The adventures of Edward Pierce in Call of Cthulhu is an immersive, unsettling one that shows the development team has a firm grasp on creating a memorable setting and story. The tale begins strong, and though it loses some steam down the stretch, Call of Cthulhu is the perfect game to explore right around Halloween.
So much of what made Lovecraft’s written works so memorable is how they played with the minds of his protagonists – and by extension the reader. While the phrase Call of Cthulhu is used somewhat often, the relationship for this game is tied to the tabletop RPG. That makes sense then, when you start to leverage some RPG elements into putting points into our protagonist’s abilities. We follow private detective, Edward Pierce, to the town of Darkwater. There we see elements of the supernatural combining with just good old fashioned human evils to help create a web of mystery around the events there. As is typical of most Lovecraft-styled horror, it is not long before Edward is starting to question what is real and what is in his head.
This mingles the light RPG elements with an adventure / exploration style that reminds me of L.A. Noire. In certain environments, you are left to explore and look for clues, putting the pieces together to advance the narrative. The earlier stats you put into Edward can help impact things like conversation trees with NPCs or your ability to locate things hidden in the environment. It is an interesting way to implement RPG elements into the game in a fairly friction-free fashion that makes Call of Cthulhu much more than the typical walking simulator.
Gameplay mostly is structured around the exploration and discovery of facts, creating rather organic puzzles that have a pretty solid pacing to them. It is nothing we have not seen in other games before, but it is handled rather well. I wish the stealth aspects were as successful, but games that have segments that rely heavily on stealth have a way of rubbing me wrong, and there were several times Call of Cthulhu did that for me. I appreciate the desire to blend a few different game styles and mechanics into the game, but the enemy AI needs to be good for stealth gameplay modes to work, and here they are pretty inconsistent.
The story can also have a handful of unwelcome hiccups along the way. While most of the characters are pretty well voice acted and most of the narrative notes are appropriate, there are times where things happen and… I just felt as though they were forced, or not clearly defined. A reason to take the story from point A to point B without a really clear transition. There are a couple of clear paths here between sanity and insanity, and that provides some replay value – which is a good thing given the somewhat short run time (less than a dozen hours on the first playthrough). That being said, when the story finds its footing, it is really good. There are a lot of common themes found in other horror games and Lovecraftian works, and there were moments when the developers did a great job of turning my expectations on their ear with some clever narrative twists. This is Call of Cthulhu at its best.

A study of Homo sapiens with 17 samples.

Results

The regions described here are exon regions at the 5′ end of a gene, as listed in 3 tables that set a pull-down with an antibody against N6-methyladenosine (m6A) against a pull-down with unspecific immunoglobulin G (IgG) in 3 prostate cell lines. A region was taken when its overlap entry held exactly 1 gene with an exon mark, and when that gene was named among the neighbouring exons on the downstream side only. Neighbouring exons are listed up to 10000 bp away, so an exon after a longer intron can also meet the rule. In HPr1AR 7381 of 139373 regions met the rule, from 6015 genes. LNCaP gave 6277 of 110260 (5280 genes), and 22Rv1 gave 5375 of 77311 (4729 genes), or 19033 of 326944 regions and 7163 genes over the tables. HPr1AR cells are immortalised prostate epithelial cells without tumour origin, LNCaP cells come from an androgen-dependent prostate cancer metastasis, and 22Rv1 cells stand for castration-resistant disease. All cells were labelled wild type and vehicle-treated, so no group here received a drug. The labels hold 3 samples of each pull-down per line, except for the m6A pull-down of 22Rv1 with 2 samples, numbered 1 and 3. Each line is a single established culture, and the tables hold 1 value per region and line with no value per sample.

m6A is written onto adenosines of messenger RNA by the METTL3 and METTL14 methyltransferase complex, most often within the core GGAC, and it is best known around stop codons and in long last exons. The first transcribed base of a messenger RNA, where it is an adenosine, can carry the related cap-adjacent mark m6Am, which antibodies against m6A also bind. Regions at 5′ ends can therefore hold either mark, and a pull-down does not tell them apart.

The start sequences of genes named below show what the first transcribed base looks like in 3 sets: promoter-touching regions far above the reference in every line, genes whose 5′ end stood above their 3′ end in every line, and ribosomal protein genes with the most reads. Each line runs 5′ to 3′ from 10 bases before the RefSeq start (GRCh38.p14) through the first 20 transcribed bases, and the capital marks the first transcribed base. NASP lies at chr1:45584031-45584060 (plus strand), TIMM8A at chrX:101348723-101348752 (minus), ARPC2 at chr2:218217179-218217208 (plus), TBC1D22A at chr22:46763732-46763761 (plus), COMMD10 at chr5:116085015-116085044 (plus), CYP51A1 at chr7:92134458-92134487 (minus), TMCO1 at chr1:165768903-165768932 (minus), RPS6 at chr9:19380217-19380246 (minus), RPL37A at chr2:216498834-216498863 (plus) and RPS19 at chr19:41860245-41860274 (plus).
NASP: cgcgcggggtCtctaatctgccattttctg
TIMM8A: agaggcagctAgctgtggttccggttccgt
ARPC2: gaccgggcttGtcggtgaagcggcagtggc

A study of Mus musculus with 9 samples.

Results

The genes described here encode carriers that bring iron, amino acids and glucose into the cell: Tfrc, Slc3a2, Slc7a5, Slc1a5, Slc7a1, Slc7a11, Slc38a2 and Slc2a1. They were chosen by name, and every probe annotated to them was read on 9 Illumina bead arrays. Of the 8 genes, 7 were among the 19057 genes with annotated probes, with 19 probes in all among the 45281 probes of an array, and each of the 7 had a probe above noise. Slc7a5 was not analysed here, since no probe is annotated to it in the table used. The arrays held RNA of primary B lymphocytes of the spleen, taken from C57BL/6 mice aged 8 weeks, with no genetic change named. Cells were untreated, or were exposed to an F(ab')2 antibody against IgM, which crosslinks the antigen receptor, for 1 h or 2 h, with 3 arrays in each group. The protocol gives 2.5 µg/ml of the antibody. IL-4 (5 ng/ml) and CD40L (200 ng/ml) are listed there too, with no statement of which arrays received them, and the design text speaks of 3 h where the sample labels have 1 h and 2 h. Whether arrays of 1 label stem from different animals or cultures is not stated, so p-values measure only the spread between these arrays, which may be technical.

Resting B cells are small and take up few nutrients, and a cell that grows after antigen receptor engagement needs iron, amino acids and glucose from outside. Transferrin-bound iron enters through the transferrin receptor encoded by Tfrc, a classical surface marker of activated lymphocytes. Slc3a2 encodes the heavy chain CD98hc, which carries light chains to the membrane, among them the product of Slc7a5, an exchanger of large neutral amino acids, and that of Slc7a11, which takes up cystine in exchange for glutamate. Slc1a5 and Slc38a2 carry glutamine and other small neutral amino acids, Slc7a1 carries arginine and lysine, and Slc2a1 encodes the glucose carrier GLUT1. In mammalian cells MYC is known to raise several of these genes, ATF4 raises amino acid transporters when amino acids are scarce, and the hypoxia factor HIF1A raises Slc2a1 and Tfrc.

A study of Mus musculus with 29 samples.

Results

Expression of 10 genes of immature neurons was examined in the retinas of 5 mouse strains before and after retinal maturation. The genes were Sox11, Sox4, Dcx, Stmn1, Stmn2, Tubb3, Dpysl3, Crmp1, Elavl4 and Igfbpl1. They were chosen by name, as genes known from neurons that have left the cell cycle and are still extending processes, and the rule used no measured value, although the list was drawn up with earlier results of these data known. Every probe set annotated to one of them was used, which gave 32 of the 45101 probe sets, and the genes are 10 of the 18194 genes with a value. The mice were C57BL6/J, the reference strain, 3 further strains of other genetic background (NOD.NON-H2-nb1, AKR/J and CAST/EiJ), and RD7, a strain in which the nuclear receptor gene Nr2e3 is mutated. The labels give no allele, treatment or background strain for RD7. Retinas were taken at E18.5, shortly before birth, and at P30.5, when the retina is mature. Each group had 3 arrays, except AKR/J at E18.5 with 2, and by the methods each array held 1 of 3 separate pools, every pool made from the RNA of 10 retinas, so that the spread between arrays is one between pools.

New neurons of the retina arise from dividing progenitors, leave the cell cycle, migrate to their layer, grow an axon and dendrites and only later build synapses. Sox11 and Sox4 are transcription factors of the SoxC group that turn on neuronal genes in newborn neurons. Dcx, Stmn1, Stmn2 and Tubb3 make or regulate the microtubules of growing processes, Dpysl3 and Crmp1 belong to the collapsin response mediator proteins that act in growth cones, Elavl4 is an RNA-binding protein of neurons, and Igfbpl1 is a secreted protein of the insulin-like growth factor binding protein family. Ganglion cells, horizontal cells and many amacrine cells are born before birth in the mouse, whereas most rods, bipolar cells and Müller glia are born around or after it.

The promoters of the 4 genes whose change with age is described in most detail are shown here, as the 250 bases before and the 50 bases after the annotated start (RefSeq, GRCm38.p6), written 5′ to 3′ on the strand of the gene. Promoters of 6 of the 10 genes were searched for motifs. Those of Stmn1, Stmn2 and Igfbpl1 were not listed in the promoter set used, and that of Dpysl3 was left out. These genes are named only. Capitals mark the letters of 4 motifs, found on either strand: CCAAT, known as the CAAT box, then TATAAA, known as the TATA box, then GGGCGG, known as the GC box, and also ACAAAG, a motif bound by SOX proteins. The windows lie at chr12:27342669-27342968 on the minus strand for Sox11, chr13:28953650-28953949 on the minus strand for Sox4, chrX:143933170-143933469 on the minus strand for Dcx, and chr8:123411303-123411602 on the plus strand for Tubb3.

It helps that the presentation is really solid. Outside of the sometimes spotty stealth scenes, immersion was kept up due in large part to the first person perspective and sharp audio design. Ambient sounds and loops really help to build tension, and I have long believed that a first person perspective sells horror in a way that no other perspective can. It has you using the eyes of the protagonist, often with some sort of movement or tease just off to the sides beyond your range of sight, and there were times that absolutely added to the tension and helped to create the atmosphere.
I remember reading an article once that described one of the Resistance games as the ‘most brown game ever’, or something along those lines. Call of Cthulhu may well be the most bluish-green then. It works well, but foggy horizons, clouded skies and pale illuminations take on an unearthly glow that really creates a creepy environment that I enjoyed simply looking around. As good as the environments look however, the characters themselves look far less fluid in their animations. Additionally, the camera angles are a bit rough too, panning all over and focusing on characters during dialog in a somewhat uncomfortable way at times.